What Can Native Advertising Learn From 'Homeland' And Jason Bourne?

I'm a big fan of spy shows like “The Americans,” “Homeland” and the “Bourne” movie series. The top operatives in these programs have one common thread in that they are able to assassinate somebody plus make it look like it was an accident. That is what truly makes them a rare pro. Native advertising done right also takes a pro. 

Anyone can write a basic infomercial or advertorial. Only a true professional can elevate branded content to another level so that it blends in with the actual editorial content of the site. Instead of promoting to a user the best native ads provide value to the user in the form of entertainment or education. 

It is still evolving but native advertising put simply is advertising that blends into the look and feel of a site including articles, photos, videos and infographics. According to Sharethrough, consumers looked at native ads 53% more frequently than display ads. That is a reason right there to try native advertising. From that same report, native ads led to a 52% bump in purchase intent which is 18% higher than banner ads. That stat speaks for itself. You can get in-depth info about custom content and native advertising from a previous post I did for MediaPost.



Mobile is helping to pave the way for native as smaller screens have led many mobile publishers to adapt their advertising strategy and ad units. Social is also contributing to the rapid growth of native as Facebook and Twitter now generate a large chunk of their revenue from sponsored stories, promoted tweets and similar integrated ads. 

All of us in the native advertising arena owe a big thank you to Westjet for creating such an amazing Xmas promotion last December which was part PR genius and part native. They reaped massive benefits from the viral sharing of the video as well which is another interesting aspect to native. The video has over 36 million views on YouTube and counting. Other travel brands embracing native include Marriott and JetBlue. Native seems perfect for destinations who all need to tell their own story.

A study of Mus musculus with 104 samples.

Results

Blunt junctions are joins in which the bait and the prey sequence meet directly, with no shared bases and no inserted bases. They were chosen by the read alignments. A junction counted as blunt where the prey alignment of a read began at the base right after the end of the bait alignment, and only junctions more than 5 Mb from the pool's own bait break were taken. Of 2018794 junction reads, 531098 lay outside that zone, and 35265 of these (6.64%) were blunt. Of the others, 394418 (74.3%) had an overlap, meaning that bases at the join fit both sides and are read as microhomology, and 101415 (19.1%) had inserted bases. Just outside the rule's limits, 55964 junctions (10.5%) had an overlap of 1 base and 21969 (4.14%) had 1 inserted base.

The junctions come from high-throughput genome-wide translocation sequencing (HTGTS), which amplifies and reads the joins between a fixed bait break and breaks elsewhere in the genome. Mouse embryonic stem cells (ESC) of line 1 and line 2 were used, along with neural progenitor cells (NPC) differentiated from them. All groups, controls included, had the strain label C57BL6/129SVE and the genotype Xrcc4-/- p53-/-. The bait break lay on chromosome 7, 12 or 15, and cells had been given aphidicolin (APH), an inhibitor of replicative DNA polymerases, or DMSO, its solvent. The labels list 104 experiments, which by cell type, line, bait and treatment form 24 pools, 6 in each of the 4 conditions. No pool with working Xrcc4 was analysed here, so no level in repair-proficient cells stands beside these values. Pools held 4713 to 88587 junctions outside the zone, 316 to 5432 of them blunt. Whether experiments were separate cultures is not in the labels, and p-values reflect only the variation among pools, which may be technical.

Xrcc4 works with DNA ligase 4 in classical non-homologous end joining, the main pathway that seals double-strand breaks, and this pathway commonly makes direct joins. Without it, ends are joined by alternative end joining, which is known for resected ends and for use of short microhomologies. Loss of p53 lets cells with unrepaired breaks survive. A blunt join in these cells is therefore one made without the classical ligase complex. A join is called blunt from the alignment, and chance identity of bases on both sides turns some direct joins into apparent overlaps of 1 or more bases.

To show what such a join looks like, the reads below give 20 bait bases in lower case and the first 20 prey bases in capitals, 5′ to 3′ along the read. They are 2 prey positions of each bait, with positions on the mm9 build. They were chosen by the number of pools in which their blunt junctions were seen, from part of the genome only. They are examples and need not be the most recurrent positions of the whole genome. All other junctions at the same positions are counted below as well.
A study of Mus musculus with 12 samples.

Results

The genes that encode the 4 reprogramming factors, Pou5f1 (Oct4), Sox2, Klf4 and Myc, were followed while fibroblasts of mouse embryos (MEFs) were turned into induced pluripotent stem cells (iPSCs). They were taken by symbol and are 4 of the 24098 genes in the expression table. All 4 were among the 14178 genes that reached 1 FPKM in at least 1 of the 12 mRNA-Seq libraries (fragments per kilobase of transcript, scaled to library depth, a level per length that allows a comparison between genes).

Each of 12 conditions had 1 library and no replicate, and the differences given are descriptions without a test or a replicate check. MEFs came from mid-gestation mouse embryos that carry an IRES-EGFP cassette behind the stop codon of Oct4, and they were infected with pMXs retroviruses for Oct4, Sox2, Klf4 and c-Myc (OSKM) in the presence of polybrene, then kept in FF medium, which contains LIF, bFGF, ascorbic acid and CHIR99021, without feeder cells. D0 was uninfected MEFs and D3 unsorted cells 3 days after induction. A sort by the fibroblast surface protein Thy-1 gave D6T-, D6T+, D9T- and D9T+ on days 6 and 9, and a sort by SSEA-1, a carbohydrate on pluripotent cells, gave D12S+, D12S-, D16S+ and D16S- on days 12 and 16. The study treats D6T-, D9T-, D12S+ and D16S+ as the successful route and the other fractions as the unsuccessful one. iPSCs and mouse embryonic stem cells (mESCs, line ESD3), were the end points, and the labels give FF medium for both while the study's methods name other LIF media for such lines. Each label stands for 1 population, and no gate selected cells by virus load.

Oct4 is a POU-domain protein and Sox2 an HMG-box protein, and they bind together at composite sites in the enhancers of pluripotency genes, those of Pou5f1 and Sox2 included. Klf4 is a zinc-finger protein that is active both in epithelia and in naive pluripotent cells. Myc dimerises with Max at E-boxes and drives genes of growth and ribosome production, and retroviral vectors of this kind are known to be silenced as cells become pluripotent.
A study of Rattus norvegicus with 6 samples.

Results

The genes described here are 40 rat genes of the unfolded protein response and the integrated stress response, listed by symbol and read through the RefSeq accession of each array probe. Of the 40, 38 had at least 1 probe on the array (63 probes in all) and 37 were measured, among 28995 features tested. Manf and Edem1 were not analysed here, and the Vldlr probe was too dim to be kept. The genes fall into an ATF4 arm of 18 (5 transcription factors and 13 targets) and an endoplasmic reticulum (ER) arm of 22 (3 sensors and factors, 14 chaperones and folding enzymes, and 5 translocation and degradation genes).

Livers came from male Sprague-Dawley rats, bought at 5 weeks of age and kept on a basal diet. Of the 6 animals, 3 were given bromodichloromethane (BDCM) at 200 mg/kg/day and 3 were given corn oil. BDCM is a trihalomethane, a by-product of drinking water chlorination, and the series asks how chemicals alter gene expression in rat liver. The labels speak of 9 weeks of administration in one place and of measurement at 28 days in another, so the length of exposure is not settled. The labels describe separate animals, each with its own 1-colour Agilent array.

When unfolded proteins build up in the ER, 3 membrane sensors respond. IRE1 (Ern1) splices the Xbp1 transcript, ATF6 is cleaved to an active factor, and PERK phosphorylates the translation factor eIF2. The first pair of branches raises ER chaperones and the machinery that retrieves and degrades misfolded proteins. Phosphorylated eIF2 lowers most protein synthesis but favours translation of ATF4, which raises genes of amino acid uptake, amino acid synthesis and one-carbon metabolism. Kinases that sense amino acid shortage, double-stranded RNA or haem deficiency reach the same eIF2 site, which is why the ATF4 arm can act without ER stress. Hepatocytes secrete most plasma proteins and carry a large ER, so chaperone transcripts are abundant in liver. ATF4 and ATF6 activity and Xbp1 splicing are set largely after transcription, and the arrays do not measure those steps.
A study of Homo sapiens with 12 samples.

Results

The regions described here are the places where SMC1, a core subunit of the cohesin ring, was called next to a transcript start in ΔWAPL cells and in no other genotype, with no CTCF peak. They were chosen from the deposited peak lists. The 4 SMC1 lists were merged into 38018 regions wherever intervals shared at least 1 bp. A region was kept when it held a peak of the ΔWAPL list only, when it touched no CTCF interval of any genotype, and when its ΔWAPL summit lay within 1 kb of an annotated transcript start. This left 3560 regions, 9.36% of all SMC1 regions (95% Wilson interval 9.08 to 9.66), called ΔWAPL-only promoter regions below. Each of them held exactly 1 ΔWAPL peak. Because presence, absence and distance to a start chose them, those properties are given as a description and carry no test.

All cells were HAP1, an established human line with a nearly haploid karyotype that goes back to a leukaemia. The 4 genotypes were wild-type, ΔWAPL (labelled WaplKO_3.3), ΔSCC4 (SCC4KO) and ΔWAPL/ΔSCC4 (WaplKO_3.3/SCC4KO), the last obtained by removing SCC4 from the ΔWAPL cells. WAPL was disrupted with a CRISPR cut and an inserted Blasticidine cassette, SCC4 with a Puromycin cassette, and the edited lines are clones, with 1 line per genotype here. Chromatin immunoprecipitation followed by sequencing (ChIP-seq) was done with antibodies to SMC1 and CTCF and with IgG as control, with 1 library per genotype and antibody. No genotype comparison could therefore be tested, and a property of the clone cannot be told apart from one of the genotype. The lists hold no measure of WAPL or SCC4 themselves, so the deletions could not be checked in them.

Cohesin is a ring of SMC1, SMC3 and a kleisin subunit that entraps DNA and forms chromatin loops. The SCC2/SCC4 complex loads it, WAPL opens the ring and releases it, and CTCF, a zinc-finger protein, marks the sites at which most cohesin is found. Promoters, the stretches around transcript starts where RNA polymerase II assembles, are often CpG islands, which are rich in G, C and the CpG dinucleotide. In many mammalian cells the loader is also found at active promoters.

Every brand is constantly on the lookout for brand ambassadors and native done well brings you those ambassadors for free. When your branded content gets shared it speaks to the utility it provided to the end user. If the user accepts and enjoys the content, then you know it was a success. Perhaps brands will place more emphasis on quality in order to drive more sharing and higher engagement levels. That is why publishers and brands are hiring journalists and building out newsroom capabilities. You cannot do native advertising justice without interesting content. 

The time is now to get involved with native. It is widely known that only about half of your banner impressions are even seen by a human. If you are still spending most of your money on display, it might be worth putting some dollars into media that offers higher engagement and greater viewability. Native advertising offers you both. No spy experience necessary.

5 comments about "What Can Native Advertising Learn From 'Homeland' And Jason Bourne?".

    Better you should follow up on Steve Smith's article today with a good dose of his recommended video. Steve had something to contribute.

  2. Ryan Bifulco from Travel Spike, August 5, 2014 at 5:01 p.m.

    Paula, yes I saw it and especially enjoyed the humorous video. I agree that news sites need to either not do native or do a much better job of alerting their users. For native to thrive it will need to add value to users which means the quality needs to improve.

  3. Howie Goldfarb from Blue Star Strategic Marketing, August 5, 2014 at 5:04 p.m.

    I feel like this is a press release promoting native ads without any substance to why. You mentioned a bump in purchase intent. Can you please share some data that this comes from. Because it doesn't seem like a legitimate set of data points. Neither type of ads gets a bump for me. And unless real purchases occur then is native ads more wasted money spent on 'branding'.

    Sorry to be devils advocate if you are stumping to show the benefit of native then show me the money! You can't cherry pick the one success story among the gazillion failed ones. I want real data! Thanks!

  4. Howie Goldfarb from Blue Star Strategic Marketing, August 5, 2014 at 5:06 p.m.

    The West jet example is not native advertising. It is branded content. We all KNOW it is an ad.

    On that note guess what is native advertising?! TV Commercials. ALL OF THEM! There you go.

  5. Ryan Bifulco from Travel Spike, August 5, 2014 at 5:22 p.m.

    Howie, thanks for your feedback. Here is the link to the report:

    I believe we are still very early on in measuring the true effectiveness of Native as many publishers and brands are just now testing the waters. I don't think Native has failed millions of times but yes the industry still has plenty of challenges to overcome.